The infidelity gene

This is an archival repost of something I wrote on the old blog way back in 2004, when I was a first-year genetics undergraduate.  I long ago learned to not listed to the Moral Maze.

I’ve just been listening to this evening’s Moral Maze on BBC Radio 4. The programme was titled “The Infidelity Gene”, and the panelists tried to deduce morality and the answer to the question “does free will exist” from a single piece of behavioural genetics research that they’d been given third hand from a newspaper which reported an overheard conversation about a genetics book. Needless to say, it wasn’t very good. The main reason it wasn’t very good is the presence of a Daily Mail journalist named Melanie Phillips on the panel, who clearly wasn’t qualified to be participating in the discussion.

The programme started with a few sound bytes by each member of the panel of Melanie Phillips, Claire Fox, Michael Gove and the biologist Steve Rose. Phillips began by making some noise about determinism as though genes having an influence over behaviour was somehow more deterministic than environmental and cultural determinism. Rose was very good and pointed out that genes and environment can not be separated and rather work together, that we know genes influence behaviour but that doesn’t mean culture doesn’t. Unfortunately, either by free will or some determining factor, Rose managed to forget all this for the rest of the programme, and went accusing all the guest scientists of being extreme nativists.

The first guest was Prof Tim Spector who talked a bit of dummed down behavioural genetics. Spector didn’t appear to be used to talking about behavioural genetics to people who aren’t familiar with the field because he didn’t really explain things very well, especially heritability. Spector was talking about studies which show a high heritability for things like racism and religiosity, which means that a large proportion of the variation in such traits can be attributed to variation in genotype. Heritability has very limited use, and is complex and easy to misunderstand. Spector set himself up for attacks by Melanie Phillips who thought Spector was saying that Racism is entirely genetically determined. It’s obvious that society has a big effect on whether you are racist, says Phillips, and Spector agrees, he never said it didn’t. Phillips is confused, she clearly didn’t understand Rose when he demolished Nature vs Nurture in his opening speech. Rose, however, knows exactly what Heritability means and how useful it is. Rose surely knows that Spector isn’t Phillip’s straw man? Nope. Rose plays along with it. Why?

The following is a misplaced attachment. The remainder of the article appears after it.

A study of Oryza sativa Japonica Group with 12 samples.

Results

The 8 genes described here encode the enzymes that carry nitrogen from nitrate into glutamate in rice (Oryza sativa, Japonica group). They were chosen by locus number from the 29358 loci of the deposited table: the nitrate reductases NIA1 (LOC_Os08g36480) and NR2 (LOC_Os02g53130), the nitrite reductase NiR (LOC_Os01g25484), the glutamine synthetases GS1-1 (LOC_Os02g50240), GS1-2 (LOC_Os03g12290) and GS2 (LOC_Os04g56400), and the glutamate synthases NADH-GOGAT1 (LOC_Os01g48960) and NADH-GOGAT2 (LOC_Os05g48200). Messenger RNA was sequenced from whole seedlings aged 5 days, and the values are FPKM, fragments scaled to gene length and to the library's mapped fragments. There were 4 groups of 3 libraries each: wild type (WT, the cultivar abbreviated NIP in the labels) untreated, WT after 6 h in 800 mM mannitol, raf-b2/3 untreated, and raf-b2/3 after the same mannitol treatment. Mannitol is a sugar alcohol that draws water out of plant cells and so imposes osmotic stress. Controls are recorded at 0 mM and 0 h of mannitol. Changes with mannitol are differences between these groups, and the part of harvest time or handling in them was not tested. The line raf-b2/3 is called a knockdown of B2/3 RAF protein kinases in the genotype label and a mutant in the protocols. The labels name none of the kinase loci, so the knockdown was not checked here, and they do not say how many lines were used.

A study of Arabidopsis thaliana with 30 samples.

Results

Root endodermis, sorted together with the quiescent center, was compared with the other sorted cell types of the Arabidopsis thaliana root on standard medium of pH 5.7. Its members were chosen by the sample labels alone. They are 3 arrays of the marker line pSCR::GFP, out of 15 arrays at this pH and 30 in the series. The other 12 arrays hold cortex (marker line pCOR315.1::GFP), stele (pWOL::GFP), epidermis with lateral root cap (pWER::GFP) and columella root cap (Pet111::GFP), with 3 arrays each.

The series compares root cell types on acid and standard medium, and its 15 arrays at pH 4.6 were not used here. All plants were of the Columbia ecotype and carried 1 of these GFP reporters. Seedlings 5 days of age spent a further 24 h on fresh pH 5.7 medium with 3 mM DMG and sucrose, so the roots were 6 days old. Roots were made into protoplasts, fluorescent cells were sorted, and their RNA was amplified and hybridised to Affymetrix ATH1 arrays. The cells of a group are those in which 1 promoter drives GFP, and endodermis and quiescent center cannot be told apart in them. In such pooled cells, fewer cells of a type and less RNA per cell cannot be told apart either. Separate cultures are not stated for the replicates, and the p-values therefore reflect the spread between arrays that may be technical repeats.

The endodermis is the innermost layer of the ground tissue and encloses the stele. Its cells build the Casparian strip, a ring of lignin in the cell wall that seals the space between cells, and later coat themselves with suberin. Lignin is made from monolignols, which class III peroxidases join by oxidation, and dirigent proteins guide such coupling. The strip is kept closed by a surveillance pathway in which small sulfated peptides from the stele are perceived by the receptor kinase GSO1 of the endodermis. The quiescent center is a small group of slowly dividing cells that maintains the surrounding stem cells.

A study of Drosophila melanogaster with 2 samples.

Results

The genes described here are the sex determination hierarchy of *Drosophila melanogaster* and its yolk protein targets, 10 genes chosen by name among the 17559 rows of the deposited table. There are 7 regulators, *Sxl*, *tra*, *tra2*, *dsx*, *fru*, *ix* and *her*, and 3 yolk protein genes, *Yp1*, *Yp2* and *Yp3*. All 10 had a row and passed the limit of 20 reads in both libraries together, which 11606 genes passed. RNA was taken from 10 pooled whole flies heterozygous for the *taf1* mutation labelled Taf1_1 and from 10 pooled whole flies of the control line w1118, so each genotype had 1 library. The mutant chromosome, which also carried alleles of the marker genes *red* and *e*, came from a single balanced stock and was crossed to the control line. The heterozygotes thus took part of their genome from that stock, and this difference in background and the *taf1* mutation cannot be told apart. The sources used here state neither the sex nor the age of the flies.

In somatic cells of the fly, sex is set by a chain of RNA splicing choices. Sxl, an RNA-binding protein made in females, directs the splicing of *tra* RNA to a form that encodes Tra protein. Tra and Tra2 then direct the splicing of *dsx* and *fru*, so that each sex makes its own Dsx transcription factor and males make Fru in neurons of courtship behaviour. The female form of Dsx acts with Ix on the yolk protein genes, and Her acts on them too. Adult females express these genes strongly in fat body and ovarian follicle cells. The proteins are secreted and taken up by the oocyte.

The next guest is a Christian ethicist Dr Elaine Storkey. It’s a programme about morals and whether free will exists, she might have something relevant to say. No, she opens by talking about how genes play a big role in physiology, but none in behaviour, that genetics has nothing to contribute to psychology, that behavioural geneticists are fantasists and have no scientific evidence. She shows right from the beginning that she has absolutely no idea what she’s talking about. She makes all of the mistakes of Phillips and more. Nature and nurture are separate, genes are deterministic (but not culture?), the “hypothetical” genes limit freedom not give freedom. But even better: REDUCTIONISM! Genetics is reductionistic, and what can reductionism tell us? But remember, she opened her segment by praising the application of genetics to physiology and medicine. So, genetics is useful when applied to the body but not the mind? The reductionism cry is one of the worst of the collection of crap arguments reserved for political arguments against good science.

Prof Nicholas Humphrey is next. Here we have an evolutionary psychologist who does know what he’s talking about, and does so quite well. Humphrey opens by showing that genes do not determine our behaviour at all, they give us possibilities, a powerful brain, capable of learning and absorbing culture, but also built with innate desires and talents. Humphrey and Rose discuss heritability and finally actually explain what it means, hinting at how genes and environment interact by saying that heritability changes depending on circumstance, but unfortunately not discussing it further. Rose agrees that genes and environment interact to produce the mind, but objects to Humphrey’s extension into Evolutionary Psychology, by once again attacking a straw man of evolutionary psychology. Phillips doesn’t have anything to add, but tries to anyway. People’s religious beliefs change during their lifetimes, so genes can’t have anything to do with religiosity. Phillips appears to think that genes can only act deterministically, that genes can only act in the growing brain, that they do not continue to act throughout life, and that genes react to the environment and even culture.

Next up is a philosopher of science, who talks about free will, something I’ll avoid comment on, due to my own ignorance of the subject. Phillips should also have avoided comment, she knew even less.

The programme ends with some 24 carrot fashionable nonsense from Phillips. Genetics and evolutionary psychology are pseudoscience, not science. Genes are a concept. The proteins in DNA exist (I’d jesteringly suggest that she means histones), but that genes produce phenotypes are just a concept thought up by scientists. A fantasy. The concept gene is derived from the fact that we behave in different ways and scientists make assumptions from different groups with no evidence. Fox thinks man is perfectible, and we can overcome our biology, which limits us. Rose finishes with another one of those statements he keeps making that show that he accepts entirely that genes play a very important role in behaviour, which is why it’s so confusing that he attacks a determinist straw man of evolutionary psychology: genes give us freedom.